Treatment may reduce post-stroke damage.
A ballooning weak spot on an artery wall bursts suddenly, spilling blood into the fluid surrounding the brain. This catastrophic event, a form of stroke called subarachnoid hemorrhage, strikes an estimated 35,000 people in the United States each year.
Physicians treating people who survive the initial vessel blowout face a grim dilemma. On the one hand, early surgery to clip or repair the vessel wall can lower the patient's chance of a second deadly bleed should the weak spot burst again. But some researchers have suggested that people recovering from such surgery run an increased risk of another setback: Intact arteries supplying blood to the brain may constrict, robbing brain cells of blood and threatening neurological problems such as paralysis, speech difficulty or permanent brain damage.
On the other hand, delaying surgery until vessel constriction subsides exposes the patient to the threat of a second, potentially fatal artery rupture.
In a preliminary study, British researchers have now found that an experimental drug -- calcitonin-gene-related peptide -- temporarily reversed symptoms caused by reduced blood flow to the brain in people recovering from surgery for a ruptured artery. If larger studies confirm these results, the treatment might make early surgery safer for people who have suffered subarachnoid hemorrhage, suggest F.G. Johnston of the Atkinson Morley's Hospital in London and colleagues in the April 14 LANCET.
Johnston's group studied 15 patients who had just undergone early surgery for subarachnoid hemorrhage and who showed neurological symptoms indicating reduced blood flow to the brain. They gave each patient one infusion of calcitonin-gene-related peptide and one infusion of a placebo solution, in random order, 24 hours apart. Nine of the 15 showed improvement after receiving the drug, while only two of the 15 improved after placebo shots, the researchers report. These results suggest the peptide can reverse ongoing vessel spasm, they say.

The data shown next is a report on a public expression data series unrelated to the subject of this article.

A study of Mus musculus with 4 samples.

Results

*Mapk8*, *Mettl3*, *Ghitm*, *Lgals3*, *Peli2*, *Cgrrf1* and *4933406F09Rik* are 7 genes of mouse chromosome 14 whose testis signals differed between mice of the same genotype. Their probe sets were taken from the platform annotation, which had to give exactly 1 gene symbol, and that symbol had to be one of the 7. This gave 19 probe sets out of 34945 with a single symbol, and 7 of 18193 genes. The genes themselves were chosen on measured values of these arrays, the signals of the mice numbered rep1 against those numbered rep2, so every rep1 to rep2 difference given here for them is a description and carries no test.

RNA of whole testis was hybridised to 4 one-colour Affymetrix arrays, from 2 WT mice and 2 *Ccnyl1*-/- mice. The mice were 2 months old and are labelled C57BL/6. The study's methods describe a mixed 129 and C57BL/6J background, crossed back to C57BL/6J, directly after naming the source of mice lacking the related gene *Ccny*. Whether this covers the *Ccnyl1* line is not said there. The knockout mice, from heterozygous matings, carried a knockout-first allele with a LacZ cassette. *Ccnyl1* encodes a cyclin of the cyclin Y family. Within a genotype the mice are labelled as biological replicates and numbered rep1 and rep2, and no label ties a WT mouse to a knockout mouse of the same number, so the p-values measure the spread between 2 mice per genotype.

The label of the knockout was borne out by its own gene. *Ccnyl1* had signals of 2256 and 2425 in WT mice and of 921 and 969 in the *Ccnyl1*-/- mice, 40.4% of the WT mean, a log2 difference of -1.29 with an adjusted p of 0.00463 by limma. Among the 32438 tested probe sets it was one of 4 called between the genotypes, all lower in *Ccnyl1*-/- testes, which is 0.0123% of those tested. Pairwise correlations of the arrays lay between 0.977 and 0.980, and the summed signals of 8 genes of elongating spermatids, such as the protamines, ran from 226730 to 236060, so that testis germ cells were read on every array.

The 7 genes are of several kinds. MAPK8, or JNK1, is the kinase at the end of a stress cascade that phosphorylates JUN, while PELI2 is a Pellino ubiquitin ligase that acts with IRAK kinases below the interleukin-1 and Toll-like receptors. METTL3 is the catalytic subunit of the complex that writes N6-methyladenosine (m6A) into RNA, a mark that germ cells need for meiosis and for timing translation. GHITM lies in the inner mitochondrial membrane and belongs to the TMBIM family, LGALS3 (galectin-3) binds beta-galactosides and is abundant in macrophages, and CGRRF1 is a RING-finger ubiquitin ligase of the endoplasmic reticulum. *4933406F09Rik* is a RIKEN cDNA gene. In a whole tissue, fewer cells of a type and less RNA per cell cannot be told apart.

The symptomatic improvement noted by the British researchers lasted only 15 to 50 minutes after the drug infusion ended. Scientists still don't know whether continuous infusion during the risky posturgical period -- perhaps for as long as two weeks -- would prevent neurological damage over the long run. Vessel spasms in patients recovering from surgery usually persist for a limited period and then subside, Johnston told SCIENCE NEWS.
Neal F. Kassell, a neurosurgeon at the University of Virginia School of Medicine in Charlottesville, calls calcitonin-gene-related peptide a "potential new treatment for vasospasm." However, he and neurologist Harold P. Adams Jr. emphasize the preliminary nature of the new report. "Fifteen patients is far from a conclusive study," says Adams, of the University of Iowa College of Medicine in Iowa City. "What is needed now is a much more extensive experience with this therapy to learn where it fits in with the management of patients with subarachnoid hemorrhage."